Gerald Caplan is an Africa scholar, a former New Democratic Party national director and a regular panelist on CBC's Power & Politics.

The weekend before last year's Oct. 19 election, before voting began, all three parties believed they knew what the results would be. They had the latest public opinion polls plus their own internal surveys. The Liberals understood that a last-minute movement of voters to them from the NDP plus the enthusiasm of younger voters for Justin Trudeau meant a majority was theirs. The Conservatives realized their government was as dead as Monty Python's parrot – kaput, defunct. And the NDP leadership believed it was going to win easily, at least in Quebec.

Both Tom Mulcair and his team revelled in this expectation. The leader waxed excitedly about the huge turnout for his meetings in Quebec, surely presaging the NDP's second successive sweep of the province. A senior adviser assured anguished New Democrats that 50 Quebec seats were in the bag. Since virtually every public poll agreed the NDP was by then chopped liver, partisans listened but more plausibly believed the campaign was now totally delusional.


Last October, instead of 50 seats as the campaign leaders believed, the NDP won 16. It seems those running the campaign had pretty well lost touch with reality. Campaign bubbles can do that.

Last week a new poll suggested that the Liberals were still flying high. They had 49 per cent approval, the Conservatives were holding at 32 per cent. The NDP had plummeted from the 19 per cent it received in the election to a derisory 10 per cent. Only twice before in its 54-year history, in the elections of 1993 and 2000, has the NDP ever sunk this low.

So while the Conservatives are holding their entire 2015 election support, the NDP has collapsed. It seems that about half of all last October's NDP voters have now migrated to the Liberals, while the Conservative base remains unshaken at about a third of the electorate.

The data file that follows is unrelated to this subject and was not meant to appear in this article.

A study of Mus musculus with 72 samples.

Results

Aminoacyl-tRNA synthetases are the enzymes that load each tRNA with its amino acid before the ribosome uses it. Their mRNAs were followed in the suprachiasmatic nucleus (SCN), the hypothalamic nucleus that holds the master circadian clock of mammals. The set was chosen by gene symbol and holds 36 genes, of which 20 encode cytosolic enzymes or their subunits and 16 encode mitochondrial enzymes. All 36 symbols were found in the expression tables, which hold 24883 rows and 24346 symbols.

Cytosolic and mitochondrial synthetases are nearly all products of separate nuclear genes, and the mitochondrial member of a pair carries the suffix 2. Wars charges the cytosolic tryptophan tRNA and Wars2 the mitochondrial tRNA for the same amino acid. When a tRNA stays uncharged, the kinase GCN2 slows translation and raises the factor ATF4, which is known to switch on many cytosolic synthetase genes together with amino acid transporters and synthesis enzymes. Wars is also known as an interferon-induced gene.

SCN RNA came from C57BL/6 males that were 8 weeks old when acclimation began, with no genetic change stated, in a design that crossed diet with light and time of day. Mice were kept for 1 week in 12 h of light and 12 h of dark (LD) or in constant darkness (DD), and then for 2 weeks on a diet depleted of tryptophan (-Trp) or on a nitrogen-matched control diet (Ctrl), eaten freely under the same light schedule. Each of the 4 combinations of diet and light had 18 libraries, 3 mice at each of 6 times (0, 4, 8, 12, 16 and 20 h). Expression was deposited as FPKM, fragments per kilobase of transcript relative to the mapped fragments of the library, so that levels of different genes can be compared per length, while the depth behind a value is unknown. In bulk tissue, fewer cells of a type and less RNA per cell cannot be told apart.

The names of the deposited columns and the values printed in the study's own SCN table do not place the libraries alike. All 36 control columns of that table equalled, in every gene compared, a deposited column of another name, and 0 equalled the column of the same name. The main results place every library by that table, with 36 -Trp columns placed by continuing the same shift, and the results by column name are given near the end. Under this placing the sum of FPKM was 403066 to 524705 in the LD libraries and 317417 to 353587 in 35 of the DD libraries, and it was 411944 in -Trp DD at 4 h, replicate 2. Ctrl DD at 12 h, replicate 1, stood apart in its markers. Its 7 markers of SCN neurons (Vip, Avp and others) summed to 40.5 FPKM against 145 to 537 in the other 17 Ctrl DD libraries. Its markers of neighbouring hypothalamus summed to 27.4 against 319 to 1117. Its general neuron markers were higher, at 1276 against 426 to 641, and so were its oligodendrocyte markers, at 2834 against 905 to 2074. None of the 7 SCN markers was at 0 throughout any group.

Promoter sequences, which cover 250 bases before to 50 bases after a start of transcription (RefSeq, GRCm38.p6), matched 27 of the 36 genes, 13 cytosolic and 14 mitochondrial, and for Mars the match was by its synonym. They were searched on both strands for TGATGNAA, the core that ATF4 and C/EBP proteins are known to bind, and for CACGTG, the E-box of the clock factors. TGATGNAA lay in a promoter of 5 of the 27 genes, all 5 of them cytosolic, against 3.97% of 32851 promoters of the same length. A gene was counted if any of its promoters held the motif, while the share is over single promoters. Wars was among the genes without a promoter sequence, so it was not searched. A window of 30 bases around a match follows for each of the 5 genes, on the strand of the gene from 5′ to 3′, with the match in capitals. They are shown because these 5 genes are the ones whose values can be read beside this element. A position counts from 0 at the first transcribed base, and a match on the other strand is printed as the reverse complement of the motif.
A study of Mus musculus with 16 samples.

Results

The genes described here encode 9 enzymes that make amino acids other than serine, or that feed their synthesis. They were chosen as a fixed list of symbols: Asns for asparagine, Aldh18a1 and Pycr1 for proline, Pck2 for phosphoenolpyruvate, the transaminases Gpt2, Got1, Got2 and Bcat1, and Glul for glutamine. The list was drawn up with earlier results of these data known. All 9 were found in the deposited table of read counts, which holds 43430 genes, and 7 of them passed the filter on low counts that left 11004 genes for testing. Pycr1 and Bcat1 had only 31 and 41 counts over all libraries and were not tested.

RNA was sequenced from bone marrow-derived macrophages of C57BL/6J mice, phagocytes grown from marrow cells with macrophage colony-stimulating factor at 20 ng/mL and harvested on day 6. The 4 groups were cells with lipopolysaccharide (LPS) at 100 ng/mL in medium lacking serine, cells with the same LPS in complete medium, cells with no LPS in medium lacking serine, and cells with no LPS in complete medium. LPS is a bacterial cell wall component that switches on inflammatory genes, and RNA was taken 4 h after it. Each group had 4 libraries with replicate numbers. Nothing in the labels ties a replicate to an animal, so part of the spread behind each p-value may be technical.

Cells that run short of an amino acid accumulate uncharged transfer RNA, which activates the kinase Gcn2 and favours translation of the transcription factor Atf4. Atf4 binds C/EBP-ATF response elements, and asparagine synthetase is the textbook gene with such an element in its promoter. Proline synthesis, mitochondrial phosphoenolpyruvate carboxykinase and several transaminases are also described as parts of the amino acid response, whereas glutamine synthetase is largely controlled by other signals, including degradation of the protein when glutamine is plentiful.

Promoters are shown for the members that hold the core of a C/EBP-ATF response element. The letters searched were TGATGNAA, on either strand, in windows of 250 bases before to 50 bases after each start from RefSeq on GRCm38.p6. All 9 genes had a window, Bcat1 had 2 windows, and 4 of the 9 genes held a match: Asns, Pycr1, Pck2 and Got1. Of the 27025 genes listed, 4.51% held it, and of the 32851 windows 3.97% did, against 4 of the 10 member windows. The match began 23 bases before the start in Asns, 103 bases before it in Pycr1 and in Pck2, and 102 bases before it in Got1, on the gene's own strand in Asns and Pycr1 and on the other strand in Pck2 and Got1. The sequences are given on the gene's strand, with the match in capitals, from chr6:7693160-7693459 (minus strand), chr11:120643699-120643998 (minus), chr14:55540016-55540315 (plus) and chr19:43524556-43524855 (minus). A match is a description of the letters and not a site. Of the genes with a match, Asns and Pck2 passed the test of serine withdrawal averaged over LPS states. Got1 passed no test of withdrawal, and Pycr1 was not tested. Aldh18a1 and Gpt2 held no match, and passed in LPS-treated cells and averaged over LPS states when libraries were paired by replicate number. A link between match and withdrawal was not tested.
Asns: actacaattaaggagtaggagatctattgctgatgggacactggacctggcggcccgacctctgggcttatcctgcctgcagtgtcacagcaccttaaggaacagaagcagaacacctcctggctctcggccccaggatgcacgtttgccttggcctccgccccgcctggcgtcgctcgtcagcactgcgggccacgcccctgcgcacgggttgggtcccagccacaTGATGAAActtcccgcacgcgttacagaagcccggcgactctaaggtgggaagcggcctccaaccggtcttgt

Now I don't blame the NDP defectors. It's undeniable that the Trudeau government has to date been a breath of fresh air, although it's increasingly obvious that much trouble lies ahead for them. They have bitten off far too many new challenges, at least some of which are going to return to bite them back, as we've already been seeing.

On the other hand, look at the last couple of weeks alone. Omar Khadr will no longer be harassed by his own government. Refugees will begin getting health care again. On two of the most dishonourable Harper files, the Liberals have rushed in to restore decency and humanity. No wonder many NDP voters are gratified and have moved to back the new government. I presume (pray?) many of them can be won back over time, but their very fickleness reflects poorly on their commitment to the NDP.

So the Liberals are in good shape for now and the Conservatives smugly recognize that they'll always be likely to get around a third of the national vote. So all they need is another 4 to 7 per cent support and they're back in majority territory. It ain't impossible, sports fans.


I continue to be obsessed with how little new thinking is being done to help us confront the vast challenges we face. Everyone knows what they are. No one seems to have creative solutions or policies for them. Bernie Sanders's resurrection of democratic socialism in the United States offers, I'm afraid, little more than the welfare state. In much of Europe, the refugee/immigration crisis has given rise to semi-fascism that has intimidated most social-democratic parties.

Has the great history of socialism no insights to offer us at a critical time like this? Is Tom Mulcair thinking about such issues? Does he have a plan to restore the party's confidence in him? We will know soon enough. That means April in Edmonton.

Mr. Mulcair has certainly insisted he's open to new ideas. This is the exact time to demonstrate it. He tried playing it safe and it badly boomeranged. If I were advising him, I'd strongly urge that he and the party should boldly organize a convention that excites NDP members and former supporters with feisty approaches to some of these crises. Let there be open forums for presentations and debates based on the latest thinking taking place on the democratic left. Let the renewal begin.

Make New Democrats proud of their party again, Mr. Mulcair, and make them confident again in you. It shouldn't be very hard to do.